When I'm not studying, teaching or providing evaluation services, I am traveling around the world to some place new. My favorite stamp is a passport stamp! Despite my names, I'm not from Nigeria or Cameroon.
I'm a PhD student at The Graduate Center of City University of New York (CUNY). I earned a Bachelor of Arts in English, with Honors, with a double minor in Health Sciences and African American Studies from Brooklyn College, CUNY in 2004. Happy with my undergraduate experience, I elected to continue my graduate studies at Brooklyn College. I completed a Master of Public Health (MPH) degree in 2006. Ten years later, I returned to CUNY to start my doctoral studies. The bulk of my professional experience is in the fields of research, evaluation and quality assurance. I absolutely love working in these fields and believe them to be an integral cornerstone to any agency!
Generally, I like problem-solving and having a very busy schedule. That said, in addition to being a student, I am also a teacher. I am part of the adjunct faculty at New York University (NYU) and Brooklyn College where I teach courses about healthcare and developing research papers to undergraduate students. My own research interests intersect with the "minority-majority" demographic shift that is occurring in America. I have two main research interests. First, the problem of health disparities and its disproportionate burden on Blacks and Latinos. Second, the lack of racial diversity among college faculty/administrators and its implications on Black and Latino students who move (or don’t move) through the higher education pipeline. While I immensely enjoy instructing college students, I have no desire to enter a tenure-track faculty position. Rather, my long term goal is to obtain an executive-level position in a higher education or healthcare policy organization.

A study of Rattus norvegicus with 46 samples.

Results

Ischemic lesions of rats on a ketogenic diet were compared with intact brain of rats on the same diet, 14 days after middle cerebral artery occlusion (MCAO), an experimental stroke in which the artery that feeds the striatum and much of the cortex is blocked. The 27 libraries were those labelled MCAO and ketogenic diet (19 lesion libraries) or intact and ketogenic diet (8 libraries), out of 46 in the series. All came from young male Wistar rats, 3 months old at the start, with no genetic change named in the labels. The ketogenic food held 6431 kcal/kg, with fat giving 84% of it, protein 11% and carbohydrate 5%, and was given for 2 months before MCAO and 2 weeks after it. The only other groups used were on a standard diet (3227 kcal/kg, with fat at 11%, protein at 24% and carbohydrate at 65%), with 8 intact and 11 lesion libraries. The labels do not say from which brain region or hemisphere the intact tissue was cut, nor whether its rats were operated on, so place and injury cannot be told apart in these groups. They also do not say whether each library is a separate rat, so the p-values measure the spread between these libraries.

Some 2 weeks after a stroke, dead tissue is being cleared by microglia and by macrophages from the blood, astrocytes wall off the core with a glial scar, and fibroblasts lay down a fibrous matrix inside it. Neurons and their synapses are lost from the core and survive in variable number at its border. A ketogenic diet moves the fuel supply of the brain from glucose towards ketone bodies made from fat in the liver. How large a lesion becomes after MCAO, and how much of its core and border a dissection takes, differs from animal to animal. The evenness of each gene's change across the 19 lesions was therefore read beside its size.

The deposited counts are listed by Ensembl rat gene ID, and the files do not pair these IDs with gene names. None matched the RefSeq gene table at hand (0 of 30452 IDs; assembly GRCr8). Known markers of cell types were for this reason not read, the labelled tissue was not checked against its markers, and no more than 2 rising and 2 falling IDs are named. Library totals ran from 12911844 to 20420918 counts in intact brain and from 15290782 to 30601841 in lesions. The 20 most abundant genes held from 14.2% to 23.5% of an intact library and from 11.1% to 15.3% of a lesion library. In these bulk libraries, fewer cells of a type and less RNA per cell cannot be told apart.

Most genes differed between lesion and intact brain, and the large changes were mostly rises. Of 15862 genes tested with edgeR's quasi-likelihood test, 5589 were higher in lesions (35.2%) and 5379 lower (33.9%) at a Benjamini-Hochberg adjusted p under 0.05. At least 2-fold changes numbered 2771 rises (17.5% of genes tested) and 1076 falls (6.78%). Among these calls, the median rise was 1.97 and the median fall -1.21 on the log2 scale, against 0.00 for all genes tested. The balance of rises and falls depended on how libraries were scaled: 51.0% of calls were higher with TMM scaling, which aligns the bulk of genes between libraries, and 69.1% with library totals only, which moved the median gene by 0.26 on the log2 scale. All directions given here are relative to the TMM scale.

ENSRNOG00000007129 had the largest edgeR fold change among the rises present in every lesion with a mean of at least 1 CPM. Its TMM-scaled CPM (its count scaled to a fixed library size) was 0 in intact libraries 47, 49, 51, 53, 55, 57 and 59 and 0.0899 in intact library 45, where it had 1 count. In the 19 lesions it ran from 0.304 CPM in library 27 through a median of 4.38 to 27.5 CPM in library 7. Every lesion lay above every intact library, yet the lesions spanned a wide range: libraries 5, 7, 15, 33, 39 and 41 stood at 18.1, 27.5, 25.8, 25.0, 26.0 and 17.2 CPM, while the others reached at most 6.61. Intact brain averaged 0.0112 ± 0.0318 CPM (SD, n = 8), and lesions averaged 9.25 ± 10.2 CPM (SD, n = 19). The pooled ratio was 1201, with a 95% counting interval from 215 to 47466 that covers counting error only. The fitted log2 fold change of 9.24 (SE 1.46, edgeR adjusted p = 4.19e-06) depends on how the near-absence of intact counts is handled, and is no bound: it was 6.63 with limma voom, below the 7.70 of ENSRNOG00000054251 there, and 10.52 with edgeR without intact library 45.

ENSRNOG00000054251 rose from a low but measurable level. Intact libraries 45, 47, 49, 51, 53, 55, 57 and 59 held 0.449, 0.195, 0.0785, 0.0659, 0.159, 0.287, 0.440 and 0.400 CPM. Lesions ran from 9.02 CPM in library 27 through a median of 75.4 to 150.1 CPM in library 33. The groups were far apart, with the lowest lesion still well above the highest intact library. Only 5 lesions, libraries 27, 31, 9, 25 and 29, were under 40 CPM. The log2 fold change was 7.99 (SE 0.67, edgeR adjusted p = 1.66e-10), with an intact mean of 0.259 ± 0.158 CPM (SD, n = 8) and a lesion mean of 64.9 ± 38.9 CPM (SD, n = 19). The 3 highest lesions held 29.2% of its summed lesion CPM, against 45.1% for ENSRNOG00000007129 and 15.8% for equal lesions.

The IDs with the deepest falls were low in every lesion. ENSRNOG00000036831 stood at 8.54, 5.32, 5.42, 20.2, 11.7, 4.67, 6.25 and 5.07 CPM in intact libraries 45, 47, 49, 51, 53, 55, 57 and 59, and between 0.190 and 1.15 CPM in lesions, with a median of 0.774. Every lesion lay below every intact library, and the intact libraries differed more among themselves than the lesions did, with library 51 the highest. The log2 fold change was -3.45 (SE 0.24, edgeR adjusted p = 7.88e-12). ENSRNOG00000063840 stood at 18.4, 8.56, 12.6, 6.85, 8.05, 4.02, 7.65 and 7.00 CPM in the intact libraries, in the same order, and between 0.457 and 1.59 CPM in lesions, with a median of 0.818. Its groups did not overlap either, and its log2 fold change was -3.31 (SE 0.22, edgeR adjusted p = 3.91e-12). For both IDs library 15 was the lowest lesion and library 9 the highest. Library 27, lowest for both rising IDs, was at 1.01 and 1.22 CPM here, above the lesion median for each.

In my non-academic life, I enjoy traveling around the worId with my husband, Kevin (also a PhD student in Computer Science). I have visited all of the continents minus Antarctica. I love to travel and I do not believe in visiting the same country twice. About my name! My full legal name is Adashima Muhammad Oyo. When people ask me, "Where are you from?" I tell them Brooklyn. Often times, they are not satisfied by that response. Then they ask me, "Where is your family from?" I usually answer: "Do you mean before or after the slave trade?" The short of it is my father, Oba, is from New York City, and he converted to Islam at a very young age (during the 1960s or was it the 1950s?) and gave all of his 34 children (yes, I know all of my brothers and sisters!) African or Islamic names. I was raised in a Muslim, polygamous home in Brooklyn, NY. I never bothered to do those ancestry DNA tests. I'm content knowing my origins are from some place in Africa and that the OYO tribe in Brooklyn is quite large.